Prime Minister Theresa May and First Minister Nicola Sturgeon arrive at the University of Edinburgh Credit: PA

Theresa May is “governing by threat” as she seeks to impose an “unacceptable” Brexit deal on Scotland, Nicola Sturgeon has claimed.

The First Minister hit out at the PM as a new report from the Scottish Government warned the draft deal to leave the European Union could result in “loss equivalent to £1,610 per person in Scotland compared to EU membership by 2030”.

Investment in Scotland could be 7.7% lower by that date compared to if the UK stayed in the European Union, the report added.

Meanwhile, the “special deal” being put in place to prevent the return to a hard border in Ireland could leave Scotland at a “serious competitive disadvantage”to Northern Ireland.

“In short, it will make us poorer,” Ms Sturgeon said.


“No government of Scotland with the interests of this and future generations at heart could possibly accept it.”

Downing Street will issue its own economic analysis of Brexit scenarios on Wednesday afternoon.

Ms Sturgeon said: “The cost of Scotland not being independent have been laid bare over the last two years.”

She will make a statement on when there could be a second independence referendum, adding it will be when the time is “right for the people of Scotland”.

Speaking about the Conservative leader, Ms Sturgeon said: “The Prime Minister has made it clear at every turn that she is not interested in compromise, in fact she seems to have given up any attempt at governing by consensus and is now governing by threat.”

MPs will vote on the draft Withdrawal Agreement on December 11.

Before that Holyrood could get the chance to have its say on the proposals, with plans for a symbolic ballot to be held next week – when a majority of MSPs will most likely vote against it.

Theresa May speaking to people in Belfast about the Brexit deal Credit: Liam McBurney/PA

Scottish Constitutional Relations Secretary Mike Russell said: “The opportunity exists for the whole Parliament to send a clear signal to the House of Commons that this deal is unacceptable to Scotland.”

Ms Sturgeon was clear the draft agreement was “a bad deal”, which she said Westminster is “seeking to impose on the people of Scotland regardless of the damage it will cause”.

The First Minister said: “It will not end uncertainty. It will extend it. We are being asked to accept a blindfold Brexit with all the difficult decisions kicked down the road.”

It came after the Scottish Government report stated: “There is a sense in some quarters that the deal represents a major breakthrough and gives clarity for the future. Nothing could be further from the truth.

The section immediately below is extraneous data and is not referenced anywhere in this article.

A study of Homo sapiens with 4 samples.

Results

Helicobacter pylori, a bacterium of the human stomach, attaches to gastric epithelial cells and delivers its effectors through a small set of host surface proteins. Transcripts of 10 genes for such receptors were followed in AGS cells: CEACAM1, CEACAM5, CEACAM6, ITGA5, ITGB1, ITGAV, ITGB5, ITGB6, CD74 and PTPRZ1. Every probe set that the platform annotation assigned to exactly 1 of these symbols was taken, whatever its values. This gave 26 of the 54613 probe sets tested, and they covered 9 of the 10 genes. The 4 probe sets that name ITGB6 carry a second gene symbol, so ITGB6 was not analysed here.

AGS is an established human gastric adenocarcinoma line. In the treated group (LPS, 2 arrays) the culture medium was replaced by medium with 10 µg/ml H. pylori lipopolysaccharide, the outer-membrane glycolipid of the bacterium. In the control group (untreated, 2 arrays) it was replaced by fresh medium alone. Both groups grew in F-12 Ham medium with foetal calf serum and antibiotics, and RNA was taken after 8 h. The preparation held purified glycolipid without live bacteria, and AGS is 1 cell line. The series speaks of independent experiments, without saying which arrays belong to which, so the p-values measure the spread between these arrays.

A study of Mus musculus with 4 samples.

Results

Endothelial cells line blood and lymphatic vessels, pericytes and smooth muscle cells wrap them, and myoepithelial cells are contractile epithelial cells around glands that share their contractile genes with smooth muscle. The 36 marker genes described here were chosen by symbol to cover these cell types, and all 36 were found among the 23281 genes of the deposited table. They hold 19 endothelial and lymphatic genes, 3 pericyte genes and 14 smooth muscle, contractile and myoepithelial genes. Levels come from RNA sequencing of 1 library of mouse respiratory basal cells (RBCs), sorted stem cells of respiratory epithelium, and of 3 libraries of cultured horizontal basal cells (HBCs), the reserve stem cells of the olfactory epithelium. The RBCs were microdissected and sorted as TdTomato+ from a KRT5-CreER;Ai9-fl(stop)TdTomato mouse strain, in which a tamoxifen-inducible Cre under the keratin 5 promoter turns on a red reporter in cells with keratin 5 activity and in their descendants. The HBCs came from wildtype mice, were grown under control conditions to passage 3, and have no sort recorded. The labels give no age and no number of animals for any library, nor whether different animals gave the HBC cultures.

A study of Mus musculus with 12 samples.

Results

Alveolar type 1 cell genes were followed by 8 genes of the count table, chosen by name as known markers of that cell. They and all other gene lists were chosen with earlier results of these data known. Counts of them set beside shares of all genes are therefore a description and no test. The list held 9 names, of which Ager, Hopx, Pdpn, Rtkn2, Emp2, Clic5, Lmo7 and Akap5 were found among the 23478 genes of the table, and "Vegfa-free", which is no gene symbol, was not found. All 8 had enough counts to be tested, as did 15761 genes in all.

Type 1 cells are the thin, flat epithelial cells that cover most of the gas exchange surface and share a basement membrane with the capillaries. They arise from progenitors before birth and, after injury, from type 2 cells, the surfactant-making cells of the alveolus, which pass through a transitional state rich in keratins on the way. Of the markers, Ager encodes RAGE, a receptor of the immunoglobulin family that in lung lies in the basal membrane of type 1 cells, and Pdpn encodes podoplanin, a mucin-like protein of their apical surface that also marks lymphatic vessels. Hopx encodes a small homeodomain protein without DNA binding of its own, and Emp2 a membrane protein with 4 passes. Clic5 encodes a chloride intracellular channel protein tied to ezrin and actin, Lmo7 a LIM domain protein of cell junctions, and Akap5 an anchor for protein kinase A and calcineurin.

“The agreement may have taken over two years of intense negotiation but it nevertheless only covers the UK’s divorce from the EU.

“The political declaration which accompanies the Withdrawal Agreement provides no certainty on the future relationship as so much within the text is conditional upon the obligations the UK Government will accept.

“Nearly all the difficult decisions which need to be taken about the future of our businesses and society have simply been postponed for another day, to be negotiated by the UK once we have become a third country.

“We therefore face what is effectively a blindfold Brexit, with several more years of damaging uncertainty for businesses and of UK Government still consumed by these negotiations and their own internal divisions.”

The Scottish Parliament in Holyrood, Edinburgh Credit: PA

It added: “Such uncertainty is likely to lead to businesses postponing or cancelling investment and recruitment plans until the UK’s future economic relationship with the EU becomes clearer.

“This will depress economic activity and put jobs at risk.”

But Scottish Conservative interim leader Jackson Carlaw said: “Theresa May’s deal is backed by businesses in Scotland, it delivers an orderly departure from the EU and it provides many of things the SNP demanded – like rights for EU citizens living here and a lengthy transition period.

“Today, Nicola Sturgeon has once again repeated her opposition to that deal.

“We all know why – she’s not interested in a deal, she wants Britain to crash out with no deal because she thinks that will help her obsession with a second referendum on independence.

“Tomorrow, Theresa May will be in Scotland to talk about how her plan can help the country come together and move on to a brighter future.

“The contrast between the Prime Minister and Nicola Sturgeon is stark.

“Nicola Sturgeon is playing politics with Brexit, Theresa May is getting on with Brexit.

“The Scottish Conservatives, and more and more Scots, back Theresa May – not Nicola Sturgeon and her political games.”